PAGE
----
Iceland photo by Mary C Kehoe

The Unmapped Life of a Creative

The hardest part of living life as a Creative in any form is that it’s not just taking the road less traveled it’s stepping off the road all together.

Go read as many interviews with authors, screenwriters, artists, graphic designers, and the rest, that you can find and I can guarantee that no two “origin stories” will be the same. Everyone finds there own way to success in creative fields and many of them start out by telling you “this is not the way you’re supposed to do it.”

There are no common roadmarks for us to follow, no clear A to B to C. I have friends outside of the creative sphere whose steps toward their dream jobs are far more concrete, you start here and climb the  corporate ladder. The beginnning of this path looks a lot better on the outside than the beginning of my own. First off they get paid for working in their field.

Our beginning step is creating a platform and garnering an audience. Do you get paid for it? No. Is it a sure first step to success? No. Has every published author and successful artist started that way? No.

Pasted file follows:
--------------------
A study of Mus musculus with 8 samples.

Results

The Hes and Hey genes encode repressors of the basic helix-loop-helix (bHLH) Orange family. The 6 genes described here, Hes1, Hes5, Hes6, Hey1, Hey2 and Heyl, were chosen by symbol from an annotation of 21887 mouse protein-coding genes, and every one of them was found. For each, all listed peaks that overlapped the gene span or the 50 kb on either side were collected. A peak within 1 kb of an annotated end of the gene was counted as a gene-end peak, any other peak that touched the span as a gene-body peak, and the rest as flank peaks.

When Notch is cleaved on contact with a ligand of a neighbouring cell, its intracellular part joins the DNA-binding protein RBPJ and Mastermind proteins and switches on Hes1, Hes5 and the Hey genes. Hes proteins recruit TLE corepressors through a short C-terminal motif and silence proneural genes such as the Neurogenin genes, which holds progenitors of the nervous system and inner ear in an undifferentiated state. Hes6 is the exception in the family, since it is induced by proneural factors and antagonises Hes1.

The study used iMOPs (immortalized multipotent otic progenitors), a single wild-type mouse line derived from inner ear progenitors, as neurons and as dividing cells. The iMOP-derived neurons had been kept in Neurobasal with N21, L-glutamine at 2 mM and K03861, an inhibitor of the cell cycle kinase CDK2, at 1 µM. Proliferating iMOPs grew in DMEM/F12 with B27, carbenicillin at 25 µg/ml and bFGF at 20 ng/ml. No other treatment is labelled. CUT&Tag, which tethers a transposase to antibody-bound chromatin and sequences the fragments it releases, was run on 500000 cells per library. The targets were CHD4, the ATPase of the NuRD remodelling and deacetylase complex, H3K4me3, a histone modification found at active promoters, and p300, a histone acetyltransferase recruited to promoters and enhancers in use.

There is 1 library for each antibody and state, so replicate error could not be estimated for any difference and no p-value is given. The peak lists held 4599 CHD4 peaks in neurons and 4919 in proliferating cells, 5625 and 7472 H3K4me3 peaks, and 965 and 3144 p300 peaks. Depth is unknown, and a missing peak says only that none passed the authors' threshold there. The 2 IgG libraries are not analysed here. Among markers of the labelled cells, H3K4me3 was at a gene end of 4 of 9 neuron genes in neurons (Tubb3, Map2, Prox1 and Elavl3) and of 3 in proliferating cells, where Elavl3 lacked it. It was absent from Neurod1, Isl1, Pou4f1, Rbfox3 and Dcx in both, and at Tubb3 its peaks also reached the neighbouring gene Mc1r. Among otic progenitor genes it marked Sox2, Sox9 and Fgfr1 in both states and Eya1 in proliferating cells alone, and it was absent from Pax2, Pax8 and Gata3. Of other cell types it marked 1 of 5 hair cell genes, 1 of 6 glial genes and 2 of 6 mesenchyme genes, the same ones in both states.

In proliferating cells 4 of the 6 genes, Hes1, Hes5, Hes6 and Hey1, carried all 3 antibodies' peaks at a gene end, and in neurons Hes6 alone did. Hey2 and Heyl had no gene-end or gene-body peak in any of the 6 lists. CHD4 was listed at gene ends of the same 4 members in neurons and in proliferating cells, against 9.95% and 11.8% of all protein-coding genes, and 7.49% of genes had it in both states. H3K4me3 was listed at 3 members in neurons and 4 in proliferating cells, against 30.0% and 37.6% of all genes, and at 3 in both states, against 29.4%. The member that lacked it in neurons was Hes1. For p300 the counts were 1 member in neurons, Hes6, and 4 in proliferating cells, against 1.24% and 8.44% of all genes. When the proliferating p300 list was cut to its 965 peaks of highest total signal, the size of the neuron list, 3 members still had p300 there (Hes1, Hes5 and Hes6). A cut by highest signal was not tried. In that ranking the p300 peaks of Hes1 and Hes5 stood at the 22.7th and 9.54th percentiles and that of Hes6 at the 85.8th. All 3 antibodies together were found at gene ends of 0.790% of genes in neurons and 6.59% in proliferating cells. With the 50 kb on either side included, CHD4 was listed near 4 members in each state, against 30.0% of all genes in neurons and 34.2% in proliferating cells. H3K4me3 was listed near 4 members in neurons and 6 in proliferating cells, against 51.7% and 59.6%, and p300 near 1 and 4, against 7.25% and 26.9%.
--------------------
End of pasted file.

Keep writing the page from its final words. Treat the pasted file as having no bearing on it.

There are hundreds of how to lists out there claiming to tell you the just how to get your book published, three easy steps of marketing yourself, five must do action steps to build your audience, or my favorite – 10 points that will make your book a best seller. I’m no historian, but I’m pretty damn sure JRR Tolkien never followed any 1o point system in creating his world.

Are there things to learn from these lists? Sometimes, but no list is going to secure your place among the working Creatives. Yes, there are steps to take that will strengthen your chances but it all comes down to the quality of your work and how well you collaborate.

So lay what groundwork you can (blog, podcast, newsletter, etc) work continually on bettering your craft, and network (not by seeking out what people can do for you but by figuring out what you can do for them) and you might just make it. It’s not really the most infallible battle plan I’ve ever followed, the alternative however makes me feel claustrophobic.

I’ve wished sometimes that I could be happy with a 9 to 5 with upward mobility. Can you imagine how relaxing that would be, to have weekends and evenings off and stability from one year to the next? But the truth is just thinking about it gives me a tightness in my chest and a vision of my days stretching out before me, trapping me in an unending chain. Besides in these economic times, few jobs can boast complete stability. So, for those of us whose souls need an occupation that feeds our creativity and need for something deeper, it’s worth it to duck beneath that chain and step out onto uncharted ground.

In the words of CS Lewis it’s time¬†we went “further in and farther up.”

May the Fates smile upon us and fortune truly favor the bold.